The red brick building with the slight air of decay loomed above the man as he exited the taxi. Justin retrieved his portfolio, his messenger bag and one smallish cardboard box from the rear seat of the cab, paid the fare and then turned to contemplate his new home. He tentatively smiled at the thought of finally moving into his own place. He really loved the feel of this building, too. The old warehouse converted into lofts and apartments appealed to his artistic senses. It wasn't like those new high-rise apartments he had looked at closer to school. This building had character. It was almost like he could feel the echos of its former inhabitants and the workers that had walked its halls and climbed its stairs. Yes, Justin thought he just might be able to be happy here.
Clutching his box of possessions to his chest and juggling his bags, he pulled out his keys, opened the front door and headed towards his new life.
When the rickety old service elevator reached the top floor, Justin pulled up the gate and hauled his stuff towards the rustic grey metal door of the loft. Unlocking the door and rolling it open, he kicked his messenger bag and the moving box through the entryway while more carefully setting down his portfolio. Then he just stood in front of the open door and looked around the space, amazed once again that this magnificent loft was now his home. 'And all it took was getting bashed in the head,' he thought to himself bitterly while unconsciously flexing his right hand.
He picked up the box with the few remaining personal items he had not already brought to the loft, and set it on the kitchen counter. His mother and sister had helped him earlier in the week to move most all of his other stuff. His clothes, his school books and art supplies and random household supplies were already neatly put away. Luckily the loft had been rented pre-furnished, so he hadn't had to buy and move any furniture. All he had left to tote today were the odds and ends in the little box, his toiletries and a few other personal items. He grabbed his messenger bag and proceeded towards the bathroom to finish the official unpacking.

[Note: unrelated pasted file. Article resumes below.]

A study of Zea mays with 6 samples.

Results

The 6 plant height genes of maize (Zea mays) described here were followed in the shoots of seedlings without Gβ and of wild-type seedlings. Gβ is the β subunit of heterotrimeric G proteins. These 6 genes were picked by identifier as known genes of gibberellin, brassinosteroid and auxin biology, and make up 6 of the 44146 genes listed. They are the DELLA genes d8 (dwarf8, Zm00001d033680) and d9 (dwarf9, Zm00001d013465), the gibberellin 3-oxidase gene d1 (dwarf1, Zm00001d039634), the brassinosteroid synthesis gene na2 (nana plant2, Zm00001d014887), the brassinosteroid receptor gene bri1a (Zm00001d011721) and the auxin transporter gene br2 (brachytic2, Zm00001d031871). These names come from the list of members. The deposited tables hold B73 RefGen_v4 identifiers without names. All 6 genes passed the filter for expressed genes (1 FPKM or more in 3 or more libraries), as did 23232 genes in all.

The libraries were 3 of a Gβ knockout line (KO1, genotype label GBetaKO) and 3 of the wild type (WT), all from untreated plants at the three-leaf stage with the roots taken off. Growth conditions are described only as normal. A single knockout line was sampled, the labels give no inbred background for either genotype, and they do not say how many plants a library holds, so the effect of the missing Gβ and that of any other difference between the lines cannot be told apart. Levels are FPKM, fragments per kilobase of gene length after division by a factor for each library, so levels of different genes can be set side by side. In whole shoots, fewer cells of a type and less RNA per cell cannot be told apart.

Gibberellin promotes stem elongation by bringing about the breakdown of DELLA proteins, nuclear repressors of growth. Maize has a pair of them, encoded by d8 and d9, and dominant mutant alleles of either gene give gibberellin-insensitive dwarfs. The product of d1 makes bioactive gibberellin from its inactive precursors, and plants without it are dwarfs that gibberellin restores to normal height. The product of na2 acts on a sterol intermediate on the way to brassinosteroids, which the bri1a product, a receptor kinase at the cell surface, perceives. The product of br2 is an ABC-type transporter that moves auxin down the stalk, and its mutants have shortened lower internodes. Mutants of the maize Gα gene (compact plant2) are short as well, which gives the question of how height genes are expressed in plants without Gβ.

In the ultra-modern and elegant bathroom, he quickly pulled out his toothbrush, hairbrush and other toiletries and stowed them in the medicine cabinet. As he shut the cabinet door he glimpsed himself in the mirror and stood contemplating his reflection for a moment. The man looking back at him from the mirror almost didn't seem real to him. Yes, this man looked like him; he had the same blue eyes, the same bright blond hair, the same features and expressions, but Justin didn't feel like that almost innocent looking boy anymore. He leaned forward and pushed his hair back from his right temple to examine the fading red scar there. It had been more than a year since the disasterous night when he got that scar, but Justin still felt the horror of it all hanging over him every day. He let his hair fall back, almost hiding the scar, and tried valiantly to push those memories out of his mind.
He was starting a fresh new life, he thought to himself. He had his own apartment. He was finally starting at the Pittsburgh Institute of Fine Arts, a dream he had treasured for many years. He was doing better - maybe not completely healed yet, but definitely better. He was going to be okay. He WAS going to be okay. He WAS going to be OKAY.
Fuck, he wasn't going to be okay, he thought, as he felt the sense of powerlessness rising inside him and his vision begin to get ragged. Justin closed his eyes and took several slow deep breaths, hoping that it would stave off the impending panic attack that was coming on at breakneck speed. His vision had narrowed to a small tunnel with blackness all around. He could feel his breathing become rapid and uneven. His legs and hands were trembling and he didn't think he could stand up much longer, so he backed up till he felt the tiled wall behind him and sank down to the floor.
'Just breathe', he repeated to himself. He could feel the migraine headache which almost always accompanied these panic attacks begining to throb in his temples. He pulled his knees in towards his body and tightly wrapped his arms around them. This was going to be a bad one, he knew. He felt dizzy from lack of oxygen and let his body list slowly to the right until he was lying on his side on the cool tile floor, curled into a tight little ball next to the bathroom vanity.
With the last of his vision he saw something white glimmering from under the edge of the vanity cabinet. He reached out a shaking hand and grabbed at the object. As his hand closed around the hard, cool object, Justin felt a strange sense of peace welling up inside him and overcoming the cold fear in his gut with a gush of warmth. As the panic rapidly receeded, he sighed loudly and felt his body relax. He still felt exhausted; he always did after one of these episodes. At least this time the attack had been brief and, for some unknown reason, less debilitating than usual. He somehow crawled out of the bathroom and into his bed and then let himself drift off to sleep.
'Thank you', Justin thought right before he lost all consciousness. Who exactly he was thanking, though, he didn't know.